There are so many choices when it comes to credit cards – different banks, logos, perks, fees, etc. How do you know which card is right for you?
When most people think about credit cards, they think of a “traditional” credit card. These cards, typically issued by banks, credit unions and retailers allow a buyer (you) to take possession of something now and pay for it later (either in full or over a period of time). You are sent a monthly bill for all the charges incurred during the billing cycle. If you are unable to pay your balance in full, you are charged interest or a fee on the amount you did not pay back. When buying something “on credit”, creditors (organizations you owe money to), report your history of making payments (on-time or late) to three credit reporting agencies, Equifax, Experian and TransUnion.
If you are unable to obtain a traditional credit card (i.e. you have been denied) or simply choose not to get a traditional card, there are other “credit” options available to you – a prepaid credit card or a secured credit card. But what is the difference between the two?
Prepaid credit cards require you to deposit a dollar amount (in any amount you choose) on the card. The funds are then drawn down as you make purchases (similar to a gift card). Many prepaid credit cards are “reloadable,” which means you can add funds to replenish your credit line at any time for continued use. Prepaid credit cards are typically issued by major creditors (Visa, Mastercard, Amex, etc.) and can be used anywhere their card is accepted.
Comparatively, a secured credit card, also issued by major creditors, requires you to provide the creditor with collateral (typically money). In turn, you receive a credit card with a credit limit valued at the amount of the collateral (or another agreed upon amount). A secured credit card is used just like a traditional credit card where you make purchases throughout the month (up to your credit limit). When you make purchases, funds are NOT withdrawn from your collateral. Instead, at the end of the billing cycle you receive a bill for the purchases made. You elect to pay your balance in full (which is recommended) or a lesser agreed upon amount, referred to as the minimum payment, in order to keep the account in good standing. If you do keep your account in good standing, when you close the credit card or after a period of on-time payments, the collateral will be returned to you. If you do not keep your account in good standing, the creditor will use the collateral as payment.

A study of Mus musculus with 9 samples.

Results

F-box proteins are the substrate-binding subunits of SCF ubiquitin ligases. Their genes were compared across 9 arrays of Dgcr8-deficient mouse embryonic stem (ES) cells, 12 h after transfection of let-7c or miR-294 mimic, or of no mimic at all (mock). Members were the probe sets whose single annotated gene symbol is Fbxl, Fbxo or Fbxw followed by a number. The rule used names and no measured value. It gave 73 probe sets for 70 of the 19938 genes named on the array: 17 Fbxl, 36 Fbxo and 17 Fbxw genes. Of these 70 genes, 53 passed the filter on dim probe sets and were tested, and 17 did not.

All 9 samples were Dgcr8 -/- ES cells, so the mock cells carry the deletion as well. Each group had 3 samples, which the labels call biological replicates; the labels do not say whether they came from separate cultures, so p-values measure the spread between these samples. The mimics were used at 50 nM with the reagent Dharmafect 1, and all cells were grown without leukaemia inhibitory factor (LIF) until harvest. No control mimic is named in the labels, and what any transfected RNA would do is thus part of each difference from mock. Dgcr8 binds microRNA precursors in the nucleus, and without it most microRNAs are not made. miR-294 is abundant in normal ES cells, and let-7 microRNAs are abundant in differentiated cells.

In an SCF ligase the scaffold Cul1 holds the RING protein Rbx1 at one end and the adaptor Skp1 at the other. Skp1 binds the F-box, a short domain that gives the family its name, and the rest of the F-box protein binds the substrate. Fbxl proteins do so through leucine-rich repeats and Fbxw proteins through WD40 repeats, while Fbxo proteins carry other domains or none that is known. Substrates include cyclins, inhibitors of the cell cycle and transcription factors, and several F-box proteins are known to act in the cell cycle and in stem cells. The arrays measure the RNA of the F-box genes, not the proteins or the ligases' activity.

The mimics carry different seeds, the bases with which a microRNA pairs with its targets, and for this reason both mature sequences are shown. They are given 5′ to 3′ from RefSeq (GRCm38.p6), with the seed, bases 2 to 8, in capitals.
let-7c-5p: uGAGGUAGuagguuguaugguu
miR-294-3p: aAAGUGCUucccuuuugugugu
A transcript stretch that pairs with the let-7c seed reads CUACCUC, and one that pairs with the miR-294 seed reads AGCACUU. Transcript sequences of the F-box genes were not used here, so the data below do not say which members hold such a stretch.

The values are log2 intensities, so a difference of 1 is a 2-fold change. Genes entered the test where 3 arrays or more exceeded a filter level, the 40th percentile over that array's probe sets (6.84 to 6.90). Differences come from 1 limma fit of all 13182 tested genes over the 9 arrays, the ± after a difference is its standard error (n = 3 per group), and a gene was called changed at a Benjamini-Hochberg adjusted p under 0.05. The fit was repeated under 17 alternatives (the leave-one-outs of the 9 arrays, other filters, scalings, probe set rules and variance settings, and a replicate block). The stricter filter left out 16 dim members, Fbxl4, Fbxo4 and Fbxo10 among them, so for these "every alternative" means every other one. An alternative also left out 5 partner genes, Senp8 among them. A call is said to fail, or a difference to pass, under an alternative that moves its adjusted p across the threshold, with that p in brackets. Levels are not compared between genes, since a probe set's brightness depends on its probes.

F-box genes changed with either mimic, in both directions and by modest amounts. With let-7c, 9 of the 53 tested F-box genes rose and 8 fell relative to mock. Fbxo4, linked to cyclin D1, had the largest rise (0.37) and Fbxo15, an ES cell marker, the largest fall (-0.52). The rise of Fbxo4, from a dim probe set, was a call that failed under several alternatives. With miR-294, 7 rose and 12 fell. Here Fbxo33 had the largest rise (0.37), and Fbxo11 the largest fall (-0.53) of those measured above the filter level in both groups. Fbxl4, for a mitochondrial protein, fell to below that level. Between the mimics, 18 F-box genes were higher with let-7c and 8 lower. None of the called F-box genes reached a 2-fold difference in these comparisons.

Now that you know more about how each credit card works, what are the advantages and disadvantages of each card?
Prepaid Credit Card
– Helps you control your spending because you can only spend up to the amount deposited on your prepaid credit card
– Allows you to purchase items that cannot be bought with cash (i.e. online transactions) or at companies that require a credit card to utilize their services (i.e. car rental).
– Fees are typically charged on activities such as card activation, monthly maintenance, cash withdrawals, balance inquiries, paper statements, account inactivity, and much more. Fees may appear nominal, but they add up quickly. Shop around for the card that is right for you
– Account activity is not reported to the credit reporting agencies. Therefore, a prepaid credit card does not help you establish or re-establish your credit history
Secured Credit Card
– Most secured credit cards report your account activity to the credit reporting agencies. If the card is used responsibly (i.e. on-time payments), it will help you establish or re-establish a positive credit history
– If your credit report shows you have used your secured credit card responsibly, when you apply for a loan or a traditional credit card, you are more likely to be approved with favorable terms (low interest rate)
– Fees typically include an annual fee, monthly fee and interest is charged on any balance you do not pay at the end of the billing cycle. Interest rates vary, so shop around for the best rate
– Just like traditional credit cards, late payments are reported to the credit reporting agencies, adversely affecting your credit history
All credit cards have their pros and cons. Before you decide if a prepaid or secured credit card is right for you, consider all of the advantages and disadvantages each card has to offer and how the card will help you reach your financial goals. If you have any additional questions about the difference between prepaid credit cards and secured credit cards or need help deciding which card is right for you, contact one of our Certified Personal Finance Counselors at 888.354.6332. We can help you on your way to …a brighter tomorrow.